As told by Jennifer Sims, TCC client:
“These beloved 19th Century portraits are of my great-great-great grandfather Luther Bodman and his wife, Clarissa Day Bodman. They are family heirlooms that were on view in our family homestead in Connecticut—a house built in the mid-1700s. During the 1950s, burglars broke in, vandalized the house and seriously damaged the paintings. My grandmother, Emily Bodman Leiserson, who owned the house and the paintings at the time was devastated. She sent the paintings to Washington DC to have the damaged canvases repaired. Eventually she gave the paintings to my mother, Ruth Bodman Leiserson, who later gave them to me. Although as a child I thought the portraits seemed dark and very somber, I nonetheless loved them.
When the paintings arrived at our home in Washington DC, we had them cleaned and restored using professionals recommended by the Smithsonian Institution. They encouraged us to have the frames evaluated for restoration too. Serendipitously, my daughter Jessica was then working for an internationally renowned framing expert. He evaluated the frames and confirmed the judgment that they were lovely and original to the paintings. Shortly after moving to Chicago, we spoke to the experts at The Conservation Center and decided to have the frames restored. We were confident The Center had the skills and experience to do the finest job possible.”
The frames arrived at The Center in poor condition. Josh McCauley, our Associate Conservator of Frames and Gilding, immediately recognized they would require more reconstruction than conservation. One frame was significantly worse than the other with little of the original surface remaining. The decorations were virtually nonexistent, having fallen off over time due to adhesion failure. Additionally, only about 30 percent of the original gilding remained, and there were gesso losses throughout. The goal of this project was to reconstruct missing decorations and re-gild the surface to preserve the artistic integrity of the original frames.
Josh started by consolidating existing decorations, break areas, and weak gesso in order to preserve the remaining original decoration. Because he would need a lot of material to fill the areas of lost decoration, Josh began making molds early in the process. While filling gesso losses he also took molds of the existing decoration, and used the molds to create the thin, delicate plaster reproductions. “I chose to do a ‘pour-in’ cast as opposed to a ‘press-in’ cast to limit the chance of having to repair any air bubbles. I also backed the brittle plaster with Japanese paper, allowing it to be pulled out of the mold and manipulated without crumbling,” he said. Once the plaster was released from the mold, there was a paper halo around the decoration, so Josh needed to trim the negative space before applying the decoration to the frame.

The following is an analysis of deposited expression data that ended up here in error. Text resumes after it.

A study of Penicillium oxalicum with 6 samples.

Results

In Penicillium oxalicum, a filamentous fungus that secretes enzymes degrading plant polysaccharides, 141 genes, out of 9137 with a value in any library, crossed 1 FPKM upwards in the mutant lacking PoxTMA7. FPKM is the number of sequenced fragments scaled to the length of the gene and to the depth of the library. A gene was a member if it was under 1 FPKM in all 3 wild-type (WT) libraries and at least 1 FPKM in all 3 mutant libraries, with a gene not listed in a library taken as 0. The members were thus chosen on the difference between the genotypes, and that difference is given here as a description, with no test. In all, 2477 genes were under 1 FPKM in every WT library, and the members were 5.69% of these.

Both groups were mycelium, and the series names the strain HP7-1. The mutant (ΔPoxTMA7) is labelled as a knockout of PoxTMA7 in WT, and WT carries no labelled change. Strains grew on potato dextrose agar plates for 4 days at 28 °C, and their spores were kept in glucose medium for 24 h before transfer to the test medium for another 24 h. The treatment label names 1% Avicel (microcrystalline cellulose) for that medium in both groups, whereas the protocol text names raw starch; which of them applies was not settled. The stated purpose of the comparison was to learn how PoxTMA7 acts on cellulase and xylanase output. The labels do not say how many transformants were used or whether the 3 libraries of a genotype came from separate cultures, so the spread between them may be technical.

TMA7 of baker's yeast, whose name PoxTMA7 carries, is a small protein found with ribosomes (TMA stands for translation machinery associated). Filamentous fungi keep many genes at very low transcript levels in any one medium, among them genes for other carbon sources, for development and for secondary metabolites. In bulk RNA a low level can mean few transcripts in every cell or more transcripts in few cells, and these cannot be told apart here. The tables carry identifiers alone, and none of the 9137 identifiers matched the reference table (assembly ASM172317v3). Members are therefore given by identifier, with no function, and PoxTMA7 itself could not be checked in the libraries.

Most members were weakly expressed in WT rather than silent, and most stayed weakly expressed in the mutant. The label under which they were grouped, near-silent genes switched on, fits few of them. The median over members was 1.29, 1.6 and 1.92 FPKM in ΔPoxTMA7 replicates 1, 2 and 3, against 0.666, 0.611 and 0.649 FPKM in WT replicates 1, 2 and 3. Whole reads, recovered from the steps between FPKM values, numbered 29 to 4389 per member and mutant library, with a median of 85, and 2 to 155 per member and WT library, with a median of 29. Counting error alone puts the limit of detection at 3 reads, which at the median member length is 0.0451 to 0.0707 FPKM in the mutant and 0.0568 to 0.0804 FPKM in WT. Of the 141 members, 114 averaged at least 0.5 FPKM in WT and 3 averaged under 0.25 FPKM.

Next, Josh had to prepare the frame surface for gilding. A thin layer of yellow bole—a fine clay and glue mixture used under gilding—was applied to the entire surface. “The bole provides a fresh layer for gilding, replenishes the gesso and evens out the surface,” he said. Josh began with water gilding, which consists of applying water to the surface and laying down the gold leaf and, as the water dries, the leaf adheres in place. Later, he used a burnishing tool to smooth over the surface of the leaf and bring out the brilliance of the gold.
The rest of the frame was oil gilt— this involves applying a size, or adhesive material, to the surface, and the loose leaf is adhered to the tacky surface created by the size. After gilding, the aesthetic of the frame appeared too shiny and new. In order to make the frames possess an aged quality, Josh added a glaze of grey to cool down the surface. “Gilding is usually the easiest part, but is also very tedious. You must remain even tempered during the process.”
The finished products were matching frames that appear to have aged gracefully since the mid-1800s. They have been revived for future generations of Jennifer’s family.
“We are excited to have these family treasures restored to their full glory," Jennifer said. "I wish my mother and grandmother could see them. Someday my husband and I will pass the portraits along to our daughter so we feel fortunate that they will be safe, sound, and restored for years to come.”